When the Clippers’ starters lined up for the opening tip Tuesday, Montrezl Harrell and Lou Williams were among them.
It was only an intrasquad scrimmage at an open practice held at USC’s Galen Center, but coach Doc Rivers is considering moving the pair from the bench, where they were two of the NBA’s best reserves last season, into the starting lineup at times during the season.
“This summer one of our sales pitches was, we already have our bench, we need a starting lineup,” Rivers said. “Now if you add Paul [George] and Kawhi [Leonard], now we have a starting lineup so maybe we can keep our bench intact.
“Having said that, I will not be surprised if I did use Lou as a starter for some games. Him and Trez, even, because you do still want to keep them together.”
Playing Harrell and Williams together would be nothing new, but doing so with the starters would be a change from the way the Clippers used them as super subs last season. The team outscored opponents by 4.3 points per 100 possessions last season when both Harrell and Williams were on the floor, the seventh-best rating among all Clippers combinations that played at least 500 minutes together.
The NBA’s all-time scoring leader off the bench and a three-time sixth man of the year, Williams started once last season. Harrell did it five times.
One impediment to starting Harrell more often is his 6-foot-8, 240-pound frame that is undersized against most, if not all, starting centers. That discrepancy often led to foul trouble early in his starts, as opponents attempted to back him down from the opening tip. Rivers doesn’t yet have a conclusive answer as to whether Harrell can play physically while fouling less. Rivers is not satisfied with the entire roster’s progress in that department so far.
“That’s something that we just have to get better at,” he said.
The Clippers’ lineups to begin the season will likely change because George isn’t expected to make his debut until November as he recovers from offseason shoulder surgeries. George took part in three-on-three games before Tuesday’s practice but stayed on the sideline during the full scrimmage. The only other player to sit out the scrimmage was guard Rodney McGruder, who sustained an ankle injury Oct. 8 and is not expected to play Thursday when the Clippers finish their preseason against Dallas in Vancouver.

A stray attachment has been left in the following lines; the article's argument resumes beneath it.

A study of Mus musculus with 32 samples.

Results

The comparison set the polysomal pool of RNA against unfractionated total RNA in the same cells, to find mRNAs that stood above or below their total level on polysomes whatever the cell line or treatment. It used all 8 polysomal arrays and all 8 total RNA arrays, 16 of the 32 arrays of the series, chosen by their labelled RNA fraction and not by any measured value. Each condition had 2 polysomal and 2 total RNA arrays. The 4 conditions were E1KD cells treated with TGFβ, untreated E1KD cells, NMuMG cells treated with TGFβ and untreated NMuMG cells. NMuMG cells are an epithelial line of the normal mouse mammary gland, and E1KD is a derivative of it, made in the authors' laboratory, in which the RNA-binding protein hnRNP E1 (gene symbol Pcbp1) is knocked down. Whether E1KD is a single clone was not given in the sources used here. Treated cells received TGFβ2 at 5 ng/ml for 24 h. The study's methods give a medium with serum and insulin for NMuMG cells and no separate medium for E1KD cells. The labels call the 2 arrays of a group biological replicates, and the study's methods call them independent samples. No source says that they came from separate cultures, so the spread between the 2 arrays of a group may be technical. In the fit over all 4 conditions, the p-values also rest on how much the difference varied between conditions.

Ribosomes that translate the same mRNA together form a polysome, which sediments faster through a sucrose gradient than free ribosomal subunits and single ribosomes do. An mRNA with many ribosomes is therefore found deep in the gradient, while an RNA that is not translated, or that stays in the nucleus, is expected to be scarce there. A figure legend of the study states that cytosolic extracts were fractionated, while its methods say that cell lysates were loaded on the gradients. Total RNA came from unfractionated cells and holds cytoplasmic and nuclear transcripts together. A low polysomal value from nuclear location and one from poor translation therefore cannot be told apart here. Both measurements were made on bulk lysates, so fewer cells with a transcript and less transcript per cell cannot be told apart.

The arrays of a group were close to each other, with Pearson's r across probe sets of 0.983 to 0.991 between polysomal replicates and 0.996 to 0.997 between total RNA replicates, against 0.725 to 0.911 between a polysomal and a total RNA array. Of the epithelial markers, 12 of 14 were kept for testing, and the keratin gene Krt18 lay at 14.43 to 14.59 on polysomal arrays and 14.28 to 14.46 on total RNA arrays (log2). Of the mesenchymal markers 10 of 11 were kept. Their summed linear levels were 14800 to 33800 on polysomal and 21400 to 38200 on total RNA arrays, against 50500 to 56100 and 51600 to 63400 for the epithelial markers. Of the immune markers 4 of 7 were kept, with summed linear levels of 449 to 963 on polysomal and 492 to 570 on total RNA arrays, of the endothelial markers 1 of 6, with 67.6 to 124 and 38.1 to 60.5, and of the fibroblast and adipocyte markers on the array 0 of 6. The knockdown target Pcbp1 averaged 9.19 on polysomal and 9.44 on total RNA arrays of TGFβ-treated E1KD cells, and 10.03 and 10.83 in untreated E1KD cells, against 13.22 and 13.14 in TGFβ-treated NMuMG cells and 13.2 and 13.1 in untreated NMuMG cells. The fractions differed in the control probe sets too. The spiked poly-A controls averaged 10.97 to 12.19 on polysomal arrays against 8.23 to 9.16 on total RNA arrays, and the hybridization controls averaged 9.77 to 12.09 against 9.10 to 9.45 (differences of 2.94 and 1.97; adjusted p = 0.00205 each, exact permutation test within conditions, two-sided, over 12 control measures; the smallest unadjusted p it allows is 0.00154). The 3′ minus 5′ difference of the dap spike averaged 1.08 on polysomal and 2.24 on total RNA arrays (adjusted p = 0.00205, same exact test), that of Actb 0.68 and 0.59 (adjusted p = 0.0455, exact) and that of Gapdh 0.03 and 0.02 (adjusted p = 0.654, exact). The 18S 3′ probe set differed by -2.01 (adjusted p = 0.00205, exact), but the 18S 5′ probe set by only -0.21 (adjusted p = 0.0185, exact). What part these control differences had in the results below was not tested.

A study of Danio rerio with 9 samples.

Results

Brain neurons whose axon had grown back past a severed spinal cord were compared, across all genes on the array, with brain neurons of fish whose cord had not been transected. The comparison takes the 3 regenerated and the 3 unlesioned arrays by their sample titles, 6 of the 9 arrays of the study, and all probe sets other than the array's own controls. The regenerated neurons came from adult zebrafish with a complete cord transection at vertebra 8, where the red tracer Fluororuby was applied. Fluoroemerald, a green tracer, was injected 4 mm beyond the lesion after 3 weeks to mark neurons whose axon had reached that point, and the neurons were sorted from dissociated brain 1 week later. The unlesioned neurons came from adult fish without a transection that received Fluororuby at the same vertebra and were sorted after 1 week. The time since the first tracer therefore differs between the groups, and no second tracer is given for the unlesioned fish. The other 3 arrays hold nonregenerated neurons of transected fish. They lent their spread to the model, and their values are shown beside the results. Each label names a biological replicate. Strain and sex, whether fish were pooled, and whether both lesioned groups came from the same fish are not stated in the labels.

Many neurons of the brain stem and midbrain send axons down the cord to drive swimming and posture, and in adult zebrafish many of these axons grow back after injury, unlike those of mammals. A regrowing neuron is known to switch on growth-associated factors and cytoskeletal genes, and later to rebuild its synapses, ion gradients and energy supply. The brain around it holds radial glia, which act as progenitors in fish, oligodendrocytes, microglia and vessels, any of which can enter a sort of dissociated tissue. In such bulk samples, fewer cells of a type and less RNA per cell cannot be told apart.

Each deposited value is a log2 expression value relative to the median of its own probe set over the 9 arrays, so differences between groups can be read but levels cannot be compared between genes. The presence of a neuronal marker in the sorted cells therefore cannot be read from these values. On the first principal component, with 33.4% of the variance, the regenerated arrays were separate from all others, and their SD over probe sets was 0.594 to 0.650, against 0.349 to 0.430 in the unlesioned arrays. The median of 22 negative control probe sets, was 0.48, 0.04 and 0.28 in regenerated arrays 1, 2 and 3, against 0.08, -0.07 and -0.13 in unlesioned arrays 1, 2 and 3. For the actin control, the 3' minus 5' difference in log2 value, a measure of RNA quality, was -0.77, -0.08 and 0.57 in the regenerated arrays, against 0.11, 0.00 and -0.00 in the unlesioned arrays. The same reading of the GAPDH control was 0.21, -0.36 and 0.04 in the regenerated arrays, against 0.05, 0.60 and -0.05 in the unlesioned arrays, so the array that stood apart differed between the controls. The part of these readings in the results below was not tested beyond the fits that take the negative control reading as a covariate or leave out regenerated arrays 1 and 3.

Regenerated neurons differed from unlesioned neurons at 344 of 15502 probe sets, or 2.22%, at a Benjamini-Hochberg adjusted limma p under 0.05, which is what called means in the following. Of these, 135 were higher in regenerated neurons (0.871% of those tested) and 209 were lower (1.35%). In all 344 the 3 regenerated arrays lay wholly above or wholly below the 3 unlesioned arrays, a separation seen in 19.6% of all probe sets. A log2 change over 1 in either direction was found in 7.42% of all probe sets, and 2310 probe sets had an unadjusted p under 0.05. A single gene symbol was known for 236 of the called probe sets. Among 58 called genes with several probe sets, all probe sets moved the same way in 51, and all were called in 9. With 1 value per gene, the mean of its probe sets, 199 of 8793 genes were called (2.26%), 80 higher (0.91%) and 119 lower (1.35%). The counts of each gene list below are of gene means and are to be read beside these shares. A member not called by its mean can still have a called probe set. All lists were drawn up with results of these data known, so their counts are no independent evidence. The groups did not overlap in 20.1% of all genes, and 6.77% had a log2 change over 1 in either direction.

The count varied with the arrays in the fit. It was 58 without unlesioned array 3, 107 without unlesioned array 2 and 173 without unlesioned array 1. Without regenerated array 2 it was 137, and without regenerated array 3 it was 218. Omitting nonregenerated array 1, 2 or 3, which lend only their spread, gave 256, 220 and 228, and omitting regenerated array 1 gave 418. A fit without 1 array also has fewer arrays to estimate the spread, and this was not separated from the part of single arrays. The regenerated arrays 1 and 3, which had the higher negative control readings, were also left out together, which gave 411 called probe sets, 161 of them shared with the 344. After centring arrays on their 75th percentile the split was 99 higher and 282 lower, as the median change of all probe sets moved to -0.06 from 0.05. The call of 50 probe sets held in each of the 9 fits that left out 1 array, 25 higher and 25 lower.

Upon George’s return, Rivers envisions employing a “sliding” lineup in which only Leonard and George are guaranteed to start.
“We’re gonna try to keep as much shooting on the floor with [Leonard] so teams can’t help,” Rivers said. “We will try to keep one roller on the floor with him so that guy is going down the middle of the paint and he’s creating help. We don’t have to make it that difficult.”
Only Orlando’s Nikola Vucevic and Utah’s Rudy Gobert scored more points last season than Harrell as the roll man out of pick-and-roll sets, per Synergy Sports. Harrell made nearly 69% of his field goals from those scenarios. Williams ranked fifth in scoring last season among all pick-and-roll ballhandlers.
“You look at a lineup of Paul, Kawhi, Lou, Trez, and we always say ‘pick ‘em’ [for the fifth starter] if you want to be big or small, you could go a lot of different ways,” Rivers said.
Rivers speaks out
Asked again about the tensions between the NBA and China, sparked by Houston general manager Daryl Morey’s Oct. 4 tweet supporting pro-democracy protesters in Hong Kong, Rivers said Morey “was right in saying that, but there’s consequences to every action, as well. I’ve been saying that.”
Morey’s since-deleted tweet read, “Fight for freedom. Stand with Hong Kong.” Through a Clippers spokesman, Rivers later clarified that he was supporting Morey’s right to express himself.
Rivers’ latest foray into the issue came the same day that Hong Kong protesters burned the jersey of Lakers star LeBron James, who had said Monday that Morey was “misinformed” when he sent the tweet.